Local student participates in national program
A Pawhuskan was part of 25 teenagers nationwide to participate in the 15th Association of American Indian Physicians’ National Native American Youth Initiative (NNAYI) program.
Jeni Hendricks, a recent graduate of Pawhuska High School, attended the nine-day program held in Washington, D.C. this summer. The Association of American Indian Physicians (AAIP) sponsors the program to educate and encourage more Native American students to pursue careers in health professions.
“We expose the students to a variety of health careers,” explains Gary Lankford, Program Director. “The summer program allows them to visit national health organizations and academic institutions.”
The students were taken on field trips that included tours of the National Institutes of Health, Office of Minority Health, George Washington University School of Medicine, Georgetown University and Johns Hopkins University.
Students attended a series of lectures and interactive workshops that featured guest speakers who are physicians, researchers, and educators in the field of medicine.
“It’s important for the students to hear from these health care professionals. They’re successful Native Americans who serve as role models and mentors. They inspire our students to continue their education and set high goals,” says Lankford.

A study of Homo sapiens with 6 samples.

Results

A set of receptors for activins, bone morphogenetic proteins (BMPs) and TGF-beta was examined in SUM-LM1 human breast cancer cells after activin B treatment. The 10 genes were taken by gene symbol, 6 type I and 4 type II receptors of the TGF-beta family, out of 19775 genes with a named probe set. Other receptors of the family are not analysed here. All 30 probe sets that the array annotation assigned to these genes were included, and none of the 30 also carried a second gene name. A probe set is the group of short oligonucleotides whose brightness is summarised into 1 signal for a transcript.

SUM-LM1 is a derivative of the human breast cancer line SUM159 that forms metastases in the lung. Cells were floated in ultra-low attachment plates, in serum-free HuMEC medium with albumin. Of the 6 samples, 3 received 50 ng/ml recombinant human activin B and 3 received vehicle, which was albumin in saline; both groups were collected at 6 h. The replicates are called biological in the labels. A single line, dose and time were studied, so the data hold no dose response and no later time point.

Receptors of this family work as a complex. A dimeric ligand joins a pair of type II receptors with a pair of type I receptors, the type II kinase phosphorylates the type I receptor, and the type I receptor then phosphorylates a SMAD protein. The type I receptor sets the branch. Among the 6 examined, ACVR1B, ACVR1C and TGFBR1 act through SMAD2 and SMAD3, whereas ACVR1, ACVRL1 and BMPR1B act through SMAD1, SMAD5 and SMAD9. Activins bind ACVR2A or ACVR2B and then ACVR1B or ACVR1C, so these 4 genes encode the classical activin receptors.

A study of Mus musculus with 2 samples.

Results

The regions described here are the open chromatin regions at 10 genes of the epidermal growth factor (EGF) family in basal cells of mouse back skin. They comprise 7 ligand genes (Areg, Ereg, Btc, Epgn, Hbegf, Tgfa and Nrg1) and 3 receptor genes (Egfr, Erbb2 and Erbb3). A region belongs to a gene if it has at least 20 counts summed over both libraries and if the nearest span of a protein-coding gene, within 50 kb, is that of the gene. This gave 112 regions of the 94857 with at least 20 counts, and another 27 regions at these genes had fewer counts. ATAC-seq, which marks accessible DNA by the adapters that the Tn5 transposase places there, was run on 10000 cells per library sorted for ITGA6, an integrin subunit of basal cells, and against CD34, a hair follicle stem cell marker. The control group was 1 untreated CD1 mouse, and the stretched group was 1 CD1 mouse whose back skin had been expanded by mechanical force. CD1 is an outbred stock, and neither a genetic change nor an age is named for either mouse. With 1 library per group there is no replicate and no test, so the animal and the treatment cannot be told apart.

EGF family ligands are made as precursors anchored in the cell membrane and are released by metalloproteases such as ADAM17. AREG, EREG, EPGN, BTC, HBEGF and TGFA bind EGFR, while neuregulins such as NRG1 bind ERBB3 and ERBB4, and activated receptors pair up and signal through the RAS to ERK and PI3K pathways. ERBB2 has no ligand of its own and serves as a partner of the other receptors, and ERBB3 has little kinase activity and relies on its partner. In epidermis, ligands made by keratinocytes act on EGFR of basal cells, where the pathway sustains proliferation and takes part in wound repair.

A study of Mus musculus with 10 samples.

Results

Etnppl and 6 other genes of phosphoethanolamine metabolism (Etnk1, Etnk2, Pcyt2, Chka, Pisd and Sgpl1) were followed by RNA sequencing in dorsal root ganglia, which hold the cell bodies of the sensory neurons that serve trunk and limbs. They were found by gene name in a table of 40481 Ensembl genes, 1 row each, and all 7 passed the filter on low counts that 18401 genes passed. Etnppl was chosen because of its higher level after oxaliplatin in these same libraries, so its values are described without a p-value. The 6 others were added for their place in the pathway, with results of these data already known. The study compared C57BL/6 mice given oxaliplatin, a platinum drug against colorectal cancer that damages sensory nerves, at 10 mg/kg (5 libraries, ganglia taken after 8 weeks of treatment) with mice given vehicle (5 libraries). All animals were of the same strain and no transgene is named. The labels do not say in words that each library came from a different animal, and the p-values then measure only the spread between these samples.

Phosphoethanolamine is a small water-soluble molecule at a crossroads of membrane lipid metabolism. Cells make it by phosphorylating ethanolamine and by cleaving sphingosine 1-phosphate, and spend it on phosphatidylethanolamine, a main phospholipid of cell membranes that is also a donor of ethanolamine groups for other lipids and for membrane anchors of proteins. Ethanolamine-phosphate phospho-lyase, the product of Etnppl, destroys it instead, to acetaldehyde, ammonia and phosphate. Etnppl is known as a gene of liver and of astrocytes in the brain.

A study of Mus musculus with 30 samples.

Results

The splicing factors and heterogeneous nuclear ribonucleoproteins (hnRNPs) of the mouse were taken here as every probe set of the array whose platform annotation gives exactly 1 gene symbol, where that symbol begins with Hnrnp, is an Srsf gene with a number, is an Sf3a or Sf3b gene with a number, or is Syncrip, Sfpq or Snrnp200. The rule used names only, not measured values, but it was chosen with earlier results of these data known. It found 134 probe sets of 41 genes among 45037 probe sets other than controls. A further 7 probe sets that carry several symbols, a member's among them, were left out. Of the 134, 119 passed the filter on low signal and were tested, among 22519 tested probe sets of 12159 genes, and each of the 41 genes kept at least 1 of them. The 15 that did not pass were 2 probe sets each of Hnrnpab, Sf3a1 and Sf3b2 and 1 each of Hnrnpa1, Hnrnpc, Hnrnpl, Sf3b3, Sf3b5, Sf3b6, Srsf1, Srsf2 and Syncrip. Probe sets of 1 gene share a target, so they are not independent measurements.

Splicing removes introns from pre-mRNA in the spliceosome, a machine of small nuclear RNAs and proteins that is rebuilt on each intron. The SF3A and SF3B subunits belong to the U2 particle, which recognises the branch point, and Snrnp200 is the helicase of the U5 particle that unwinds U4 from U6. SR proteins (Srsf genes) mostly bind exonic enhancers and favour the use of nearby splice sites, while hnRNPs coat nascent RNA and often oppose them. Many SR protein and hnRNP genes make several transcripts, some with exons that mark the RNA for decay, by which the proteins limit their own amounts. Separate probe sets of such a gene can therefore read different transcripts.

NNAYI was created in 1998 to increase the number of American Indian/Alaska Native students entering health professions and biomedical research. The curriculum is designed to prepare students for admission to college and professional schools. Students also receive information regarding financial aid, counseling, and other college-related assistance.
Jeni is the daughter of Mark Hendricks and is a member of the Cherokee tribe.
Over the past decade, more than 500 students have received scholarships to attend the NNAYI program. To be selected for the NNAYI summer program, students must be age 16-18 and express interest in healthcare or biomedical research. Applications will be taken in spring of 2014 for the 2014 National Native American Youth Initiative program.
For more information, visit www.aaip.org or call 405-946-7072.